I know that the main options (although feel free to suggest others) are SSH Tunneling and VPNs. Unfortunately, I do not have access to configuring my home router, thus making SSH and VPNs very difficult to set up.

So far I have found teamviewer, which has a VPN component, but it is unclear whether this allows all network traffic to be routed through the connection without admin rights.

Another option would be to install firefox on the USB drive and use proxyfoxy, but again, I run into the issue of not being able to configure the home router.

TLDR: I'm looking for a VPN or SSH Tunneling application that can run from a USB drive (no setup) that does not require dyndns on the backend.

EDIT: I am aware of the keylogging issues, but in reality I would probably use a virtual keyboard. I am more interested in creating a secure connection to avoid packet sniffing and such.


4 Answers 4

The problem I see is that you are not going to be able to install anything like VPN software on these Internet Cafe computers, and even if you did, they could have keyloggers installed, leaving you very exposed.

Frankly, I would in no way access my bank from any of them, and I would abandon your current plans.

As a note: At least with TeamViewer, you could run the Quick Support version, which does not require installation, but you still could fall prey to the keylogging aspect.

In other words, you can make the connection in the middle secure, but not both ends of the connection.


Unless you use one time passwords (which are difficult to setup) or smartcard-like devices, everything you can do on that insecure computer can be recorded and replayed. E.g. they can record the user name you use to log-on to your remote machine and copy your certificate. Sometimes even by viewing the information displayed on your online banking page, they can use some social engineering-based tricks to access your account while you're away.

A better way is to bring a Linux Live CD with you and boot from that. Then connect via a secured link to a trusted computer.

If you don't control your home router, you can easily open a free server on Amazon EC2. You can either use that machine as a VPN server or use it as your trusted host directly.


Idea #1 - Get a new home router that does allow you to configure SSH (they are pretty cheap)

Concern about that idea -- Many internet cafe's limit the ports that can be used for outgoing connections... You might be limited to port 80 traffic only which would make ANY sort of SSH very difficult to use.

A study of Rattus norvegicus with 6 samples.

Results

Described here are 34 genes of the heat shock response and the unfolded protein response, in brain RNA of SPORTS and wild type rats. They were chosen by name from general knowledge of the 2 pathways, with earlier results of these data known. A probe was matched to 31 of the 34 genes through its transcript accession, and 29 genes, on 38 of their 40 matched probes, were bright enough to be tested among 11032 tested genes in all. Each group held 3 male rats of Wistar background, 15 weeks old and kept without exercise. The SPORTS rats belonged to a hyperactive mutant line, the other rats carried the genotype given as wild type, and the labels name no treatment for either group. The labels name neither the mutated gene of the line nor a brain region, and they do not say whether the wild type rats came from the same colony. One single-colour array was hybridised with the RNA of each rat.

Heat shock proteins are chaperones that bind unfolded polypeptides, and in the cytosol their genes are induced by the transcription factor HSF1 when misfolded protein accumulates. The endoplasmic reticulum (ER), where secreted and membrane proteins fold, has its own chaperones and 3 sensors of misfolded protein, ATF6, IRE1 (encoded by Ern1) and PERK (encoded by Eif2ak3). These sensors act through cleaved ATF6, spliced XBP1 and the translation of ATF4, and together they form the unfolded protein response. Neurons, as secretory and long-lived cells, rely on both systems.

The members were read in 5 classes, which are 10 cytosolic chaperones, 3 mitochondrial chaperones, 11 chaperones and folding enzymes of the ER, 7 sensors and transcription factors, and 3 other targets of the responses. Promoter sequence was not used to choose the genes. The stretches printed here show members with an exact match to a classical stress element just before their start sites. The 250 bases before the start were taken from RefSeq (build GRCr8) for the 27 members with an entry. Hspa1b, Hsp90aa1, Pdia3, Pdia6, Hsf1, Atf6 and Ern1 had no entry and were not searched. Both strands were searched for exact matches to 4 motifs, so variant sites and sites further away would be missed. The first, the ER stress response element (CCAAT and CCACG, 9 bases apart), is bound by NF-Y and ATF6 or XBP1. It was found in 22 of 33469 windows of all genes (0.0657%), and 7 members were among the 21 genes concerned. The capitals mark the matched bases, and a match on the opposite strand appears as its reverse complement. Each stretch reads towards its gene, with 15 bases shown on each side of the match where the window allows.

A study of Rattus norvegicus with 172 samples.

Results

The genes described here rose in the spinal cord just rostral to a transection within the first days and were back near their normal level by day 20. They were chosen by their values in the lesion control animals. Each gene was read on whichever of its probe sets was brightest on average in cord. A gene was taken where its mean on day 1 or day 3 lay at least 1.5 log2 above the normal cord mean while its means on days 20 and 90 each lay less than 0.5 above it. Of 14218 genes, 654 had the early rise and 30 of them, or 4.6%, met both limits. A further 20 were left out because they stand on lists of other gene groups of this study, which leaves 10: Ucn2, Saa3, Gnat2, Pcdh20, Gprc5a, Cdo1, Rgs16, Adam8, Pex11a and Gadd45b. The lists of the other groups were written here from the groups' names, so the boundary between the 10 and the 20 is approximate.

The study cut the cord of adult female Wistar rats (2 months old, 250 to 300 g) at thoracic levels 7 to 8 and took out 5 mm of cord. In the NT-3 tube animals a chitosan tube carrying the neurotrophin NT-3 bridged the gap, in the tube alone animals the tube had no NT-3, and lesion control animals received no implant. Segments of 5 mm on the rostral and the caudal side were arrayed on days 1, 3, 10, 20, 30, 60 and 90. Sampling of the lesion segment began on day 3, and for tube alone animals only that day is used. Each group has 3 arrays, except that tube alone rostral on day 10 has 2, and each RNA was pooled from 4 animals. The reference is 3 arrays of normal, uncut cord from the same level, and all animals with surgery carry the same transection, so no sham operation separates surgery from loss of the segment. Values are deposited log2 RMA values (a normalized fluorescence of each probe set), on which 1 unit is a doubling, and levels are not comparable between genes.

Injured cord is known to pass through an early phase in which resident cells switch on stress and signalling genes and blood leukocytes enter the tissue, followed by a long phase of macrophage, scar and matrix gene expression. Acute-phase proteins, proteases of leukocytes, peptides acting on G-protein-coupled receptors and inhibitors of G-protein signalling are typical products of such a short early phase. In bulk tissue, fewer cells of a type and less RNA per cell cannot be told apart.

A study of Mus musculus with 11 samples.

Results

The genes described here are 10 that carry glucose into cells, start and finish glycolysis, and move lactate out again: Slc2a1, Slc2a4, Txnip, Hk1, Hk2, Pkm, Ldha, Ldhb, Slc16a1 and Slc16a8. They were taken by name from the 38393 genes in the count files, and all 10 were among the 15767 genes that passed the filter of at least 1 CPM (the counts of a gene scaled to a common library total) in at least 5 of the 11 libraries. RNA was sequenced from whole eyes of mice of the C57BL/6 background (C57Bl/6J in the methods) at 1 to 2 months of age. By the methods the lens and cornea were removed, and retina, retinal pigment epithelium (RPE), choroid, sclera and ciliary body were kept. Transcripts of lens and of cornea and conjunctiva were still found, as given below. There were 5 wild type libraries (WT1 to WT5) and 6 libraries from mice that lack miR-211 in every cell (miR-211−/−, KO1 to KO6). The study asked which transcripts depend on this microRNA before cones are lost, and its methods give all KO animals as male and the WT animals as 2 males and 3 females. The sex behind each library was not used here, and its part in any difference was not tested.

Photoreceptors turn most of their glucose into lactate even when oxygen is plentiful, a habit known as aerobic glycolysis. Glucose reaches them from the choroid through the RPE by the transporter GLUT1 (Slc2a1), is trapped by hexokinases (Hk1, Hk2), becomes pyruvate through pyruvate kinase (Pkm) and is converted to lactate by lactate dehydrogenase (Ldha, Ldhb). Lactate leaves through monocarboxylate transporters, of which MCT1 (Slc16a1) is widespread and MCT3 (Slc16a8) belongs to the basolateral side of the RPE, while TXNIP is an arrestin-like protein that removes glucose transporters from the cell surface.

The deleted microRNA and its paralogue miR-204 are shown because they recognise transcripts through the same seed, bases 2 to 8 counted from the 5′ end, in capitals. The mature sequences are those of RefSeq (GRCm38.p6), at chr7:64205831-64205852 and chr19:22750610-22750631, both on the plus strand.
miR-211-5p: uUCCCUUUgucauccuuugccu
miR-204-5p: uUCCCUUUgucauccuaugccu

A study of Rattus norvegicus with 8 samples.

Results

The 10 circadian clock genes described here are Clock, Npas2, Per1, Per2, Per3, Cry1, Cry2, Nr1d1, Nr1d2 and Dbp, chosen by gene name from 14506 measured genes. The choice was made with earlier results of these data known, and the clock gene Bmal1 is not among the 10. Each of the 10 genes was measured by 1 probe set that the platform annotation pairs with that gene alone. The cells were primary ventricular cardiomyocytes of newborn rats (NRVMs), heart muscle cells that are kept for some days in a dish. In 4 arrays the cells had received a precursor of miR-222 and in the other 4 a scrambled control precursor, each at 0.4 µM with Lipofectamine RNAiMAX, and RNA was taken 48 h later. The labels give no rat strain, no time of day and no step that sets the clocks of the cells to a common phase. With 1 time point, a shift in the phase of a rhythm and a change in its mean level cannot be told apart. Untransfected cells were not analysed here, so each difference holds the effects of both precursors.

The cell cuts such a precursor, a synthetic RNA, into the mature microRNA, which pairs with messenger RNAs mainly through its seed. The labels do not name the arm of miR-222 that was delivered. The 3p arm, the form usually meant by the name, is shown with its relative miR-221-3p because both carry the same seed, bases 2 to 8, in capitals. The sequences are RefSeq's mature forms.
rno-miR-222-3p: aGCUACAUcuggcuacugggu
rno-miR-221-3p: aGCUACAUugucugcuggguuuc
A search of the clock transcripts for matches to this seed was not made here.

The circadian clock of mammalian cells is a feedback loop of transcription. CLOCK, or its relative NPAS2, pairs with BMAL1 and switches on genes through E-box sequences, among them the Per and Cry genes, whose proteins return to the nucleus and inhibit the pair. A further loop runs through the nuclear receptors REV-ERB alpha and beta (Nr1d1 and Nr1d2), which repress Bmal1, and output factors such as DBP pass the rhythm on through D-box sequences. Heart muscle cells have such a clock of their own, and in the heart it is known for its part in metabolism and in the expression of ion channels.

Idea #2 - Setup OpenVPN (or another VPN tool) on your home computer and use your router to forward the VPN port to that machine... Takes more configuration than using a built-in proxy service on your router, but it's free ;)

Idea #3 - Team Viewer on a USB drive is probably the easiest/best option listed so far... Use that along with KeePass and you will probably be okay. Again though depedns on how locked down the computers are, and how locked down their internet connection is.

Idea #4 - If you can't get anything else... You could just call your bank :)

As for the keylogger issue, I'd use KeePass... You can use a portable version and if you use the hotkey assignment for typing passwords instead of the copy/paste you can set an option for Two-channel auto-type obfuscation

Good luck!

    
This isn't that bad of an idea. –  surfasb Jul 29 '11 at 3:24

If you are able to boot from USB or CD, the Lightweight Portable Security (LPS) Linux distribution by the US Department of Defense will provide a secure environment:

LPS-Public turns an untrusted system (such as a home computer) into a trusted network client. No trace of work activity (or malware) can be written to the local computer.

LPS is designed to run from read-only media and without any persistent storage. Any malware that might infect a computer can only run within that session.

A user can improve security by rebooting between sessions, or when about to undertake a sensitive transaction. For example, boot LPS immediately before performing any online banking transactions.

DistroWatch have a review here:

The idea seems to be that most publicly-used operating systems are easy to compromise and so it would be a good idea if people could use a computer without the risk of exposing their credentials and private data to malware, key loggers and such.

(Thanks to The Linux Action Show for mentioning this.)